AI in construction: get on board or get left behind

abstract image for construction AI
Image: Wrightstudio | Dreamstime.com

Construction is ripe for transformative change via AI, so embrace the future, says Estimate One’s Simon Herod.

In today’s turbo-charged digital arena, AI is the buzzword on everyone’s lips. Whether marvelling at ChatGPT’s feats or fretting over robot overlords, AI dominates the conversation. But here are the facts: AI isn’t just a trend, it’s shaping our future, and we either get on board or get left behind.

The good news is that construction, with its balance of precision and process, is ripe for AI’s transformative touch. We must forget the fearmongering about job losses: AI is not here to steal our thunder. It’s about boosting productivity, plain and simple.

From project pitch to spade in the ground, construction is overflowing with data. Contracts, architectural designs, tenders, submissions and suppliers’ quotes (RFQs) all produce huge amounts of information. But buried within lies untapped potential, ready to unlock greater efficiency and safety.

Simon Herod of E1

“The industry needs to move beyond the misconception that AI will replace jobs. Building is not just about blueprints: it’s about collaboration and interpersonal relationships, skills that AI cannot mimic.”

Simon Herod

It’s at this stage that AI comes into its own. It’s able to analyse previous projects and quickly identify what was done right and what was done wrong. Understanding project success and failure at such rapid speed allows companies to make smarter, more informed decisions.

At E1, it’s something we’ve understood and have been using AI to streamline subcontractor contact processing – from the location of keywords in page-heavy documents to auto-identifying documents that supersede previous versions, all of which help improve building speed and accuracy.

Improve not replace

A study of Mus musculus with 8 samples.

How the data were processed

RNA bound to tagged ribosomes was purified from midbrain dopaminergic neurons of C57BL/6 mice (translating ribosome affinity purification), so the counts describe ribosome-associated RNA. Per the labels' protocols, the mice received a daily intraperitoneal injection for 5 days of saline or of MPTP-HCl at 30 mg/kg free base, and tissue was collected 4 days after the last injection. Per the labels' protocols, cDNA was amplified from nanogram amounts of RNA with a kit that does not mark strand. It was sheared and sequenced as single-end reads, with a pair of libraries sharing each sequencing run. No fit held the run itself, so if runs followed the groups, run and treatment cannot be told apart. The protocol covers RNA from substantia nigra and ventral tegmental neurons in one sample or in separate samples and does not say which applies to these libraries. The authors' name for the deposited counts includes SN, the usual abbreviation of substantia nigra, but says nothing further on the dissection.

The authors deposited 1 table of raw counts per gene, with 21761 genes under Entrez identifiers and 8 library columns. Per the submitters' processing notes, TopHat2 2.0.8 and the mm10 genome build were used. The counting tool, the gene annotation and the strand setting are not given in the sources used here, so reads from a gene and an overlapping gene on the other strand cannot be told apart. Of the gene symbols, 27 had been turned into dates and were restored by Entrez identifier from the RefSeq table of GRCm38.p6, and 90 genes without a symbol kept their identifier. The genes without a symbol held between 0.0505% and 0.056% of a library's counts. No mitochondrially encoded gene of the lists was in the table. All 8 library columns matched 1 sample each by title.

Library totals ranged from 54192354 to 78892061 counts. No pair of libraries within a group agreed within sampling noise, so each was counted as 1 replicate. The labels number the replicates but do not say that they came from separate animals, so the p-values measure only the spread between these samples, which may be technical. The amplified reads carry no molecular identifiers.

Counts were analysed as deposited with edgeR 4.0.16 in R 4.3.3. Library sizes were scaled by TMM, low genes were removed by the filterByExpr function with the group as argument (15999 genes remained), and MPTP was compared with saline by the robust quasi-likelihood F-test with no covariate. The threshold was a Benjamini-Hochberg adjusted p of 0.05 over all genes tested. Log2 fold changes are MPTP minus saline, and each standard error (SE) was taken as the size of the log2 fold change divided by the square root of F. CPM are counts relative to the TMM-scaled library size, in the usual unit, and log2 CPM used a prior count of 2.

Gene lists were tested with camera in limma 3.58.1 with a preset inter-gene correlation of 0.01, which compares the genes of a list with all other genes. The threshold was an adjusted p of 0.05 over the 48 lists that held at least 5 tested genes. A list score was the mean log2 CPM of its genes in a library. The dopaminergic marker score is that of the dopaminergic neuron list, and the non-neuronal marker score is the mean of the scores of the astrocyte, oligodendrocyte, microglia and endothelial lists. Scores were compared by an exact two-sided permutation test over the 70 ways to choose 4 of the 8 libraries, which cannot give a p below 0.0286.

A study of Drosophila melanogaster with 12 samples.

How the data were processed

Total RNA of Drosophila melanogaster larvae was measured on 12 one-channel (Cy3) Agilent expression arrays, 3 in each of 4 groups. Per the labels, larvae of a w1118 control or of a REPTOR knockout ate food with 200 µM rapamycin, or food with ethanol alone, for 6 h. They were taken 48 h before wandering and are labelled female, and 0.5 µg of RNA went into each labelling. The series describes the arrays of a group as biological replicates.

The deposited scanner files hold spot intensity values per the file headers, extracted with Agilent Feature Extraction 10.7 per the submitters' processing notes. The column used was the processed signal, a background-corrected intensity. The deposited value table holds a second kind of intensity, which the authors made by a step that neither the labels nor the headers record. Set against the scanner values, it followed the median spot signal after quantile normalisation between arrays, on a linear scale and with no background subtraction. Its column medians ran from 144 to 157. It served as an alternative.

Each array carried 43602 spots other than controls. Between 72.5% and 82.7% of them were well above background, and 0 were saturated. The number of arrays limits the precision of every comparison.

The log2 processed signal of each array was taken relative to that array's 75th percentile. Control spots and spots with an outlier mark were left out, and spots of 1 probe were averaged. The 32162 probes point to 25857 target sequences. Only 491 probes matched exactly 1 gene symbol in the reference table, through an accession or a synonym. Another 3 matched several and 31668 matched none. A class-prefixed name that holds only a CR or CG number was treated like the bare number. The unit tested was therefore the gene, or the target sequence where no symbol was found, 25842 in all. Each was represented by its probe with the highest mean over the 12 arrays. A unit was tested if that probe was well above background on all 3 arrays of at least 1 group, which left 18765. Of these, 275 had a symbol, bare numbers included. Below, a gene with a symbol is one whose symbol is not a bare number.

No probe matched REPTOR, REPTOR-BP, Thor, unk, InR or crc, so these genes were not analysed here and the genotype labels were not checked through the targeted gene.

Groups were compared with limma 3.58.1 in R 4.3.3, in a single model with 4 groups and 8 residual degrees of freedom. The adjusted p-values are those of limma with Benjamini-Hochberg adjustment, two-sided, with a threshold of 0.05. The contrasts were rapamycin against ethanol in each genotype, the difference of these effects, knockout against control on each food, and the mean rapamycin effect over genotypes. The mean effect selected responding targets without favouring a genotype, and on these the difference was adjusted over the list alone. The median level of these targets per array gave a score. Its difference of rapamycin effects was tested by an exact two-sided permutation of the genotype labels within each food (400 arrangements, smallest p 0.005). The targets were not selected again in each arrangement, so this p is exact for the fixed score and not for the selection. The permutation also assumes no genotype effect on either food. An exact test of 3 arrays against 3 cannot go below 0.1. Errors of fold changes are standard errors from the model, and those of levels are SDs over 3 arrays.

However, to get the best from the tech, the industry needs to move beyond the misconception that it will replace jobs. After all, construction thrives on human expertise and connections. Behind every successful project lies years of hands-on experience and real-life communication. If you’re stuck behind a keyboard, you’re missing the point. Building isn’t just about blueprints: it’s about collaboration and interpersonal relationships, skills that AI cannot mimic.

Charting new frontiers

We must also remember that construction desperately needs an answer to its productivity problem. As one of the lowest-performing sectors in the UK and in Europe, it needs a shot in the arm that I believe AI can deliver.

Data crunching and low-level decision-making on autopilot frees us humans to innovate and think more broadly and strategically. Yet to get there, it’s going to take more than paying lip service to AI: it will need fundamental change. Not just how technology is perceived, but how it’s welcomed – and the speed at which this transformation can happen.

This means fostering a data-first ethos, identifying which areas of the business can benefit, and then putting a framework in place to make AI a part of daily workflows.

Training is also vital, but it’s about more than learning how to extract information: businesses must be able to act swiftly and decisively on their findings. It’s a culture shift for sure, but without it, construction will forever be in the lower stages of underdigitised sectors.

Data-driven decision making

Ultimately, companies must learn to be led by the data. Much like today’s F1 teams, which look at performance indicators in real-time to make adjustments on the fly, construction teams must also take the same approach.

The quicker we can forge relationships between data analysts and the functional, hands-on experts on the ground, the closer we move toward a data-driven construction landscape.

Within this world of algorithms and tech adoption, we must never forget the importance of the human touch, which lies at the heart of construction. Without it, the sector will not benefit from innovation, craftsmanship and personal connections – all the things we need to get projects off the ground. Those already aware of this knowledge stand to gain the most. Companies willing and able to embrace AI successfully will gain an edge over their competitors in the long term.

Simon Herod is international manager at Estimate One.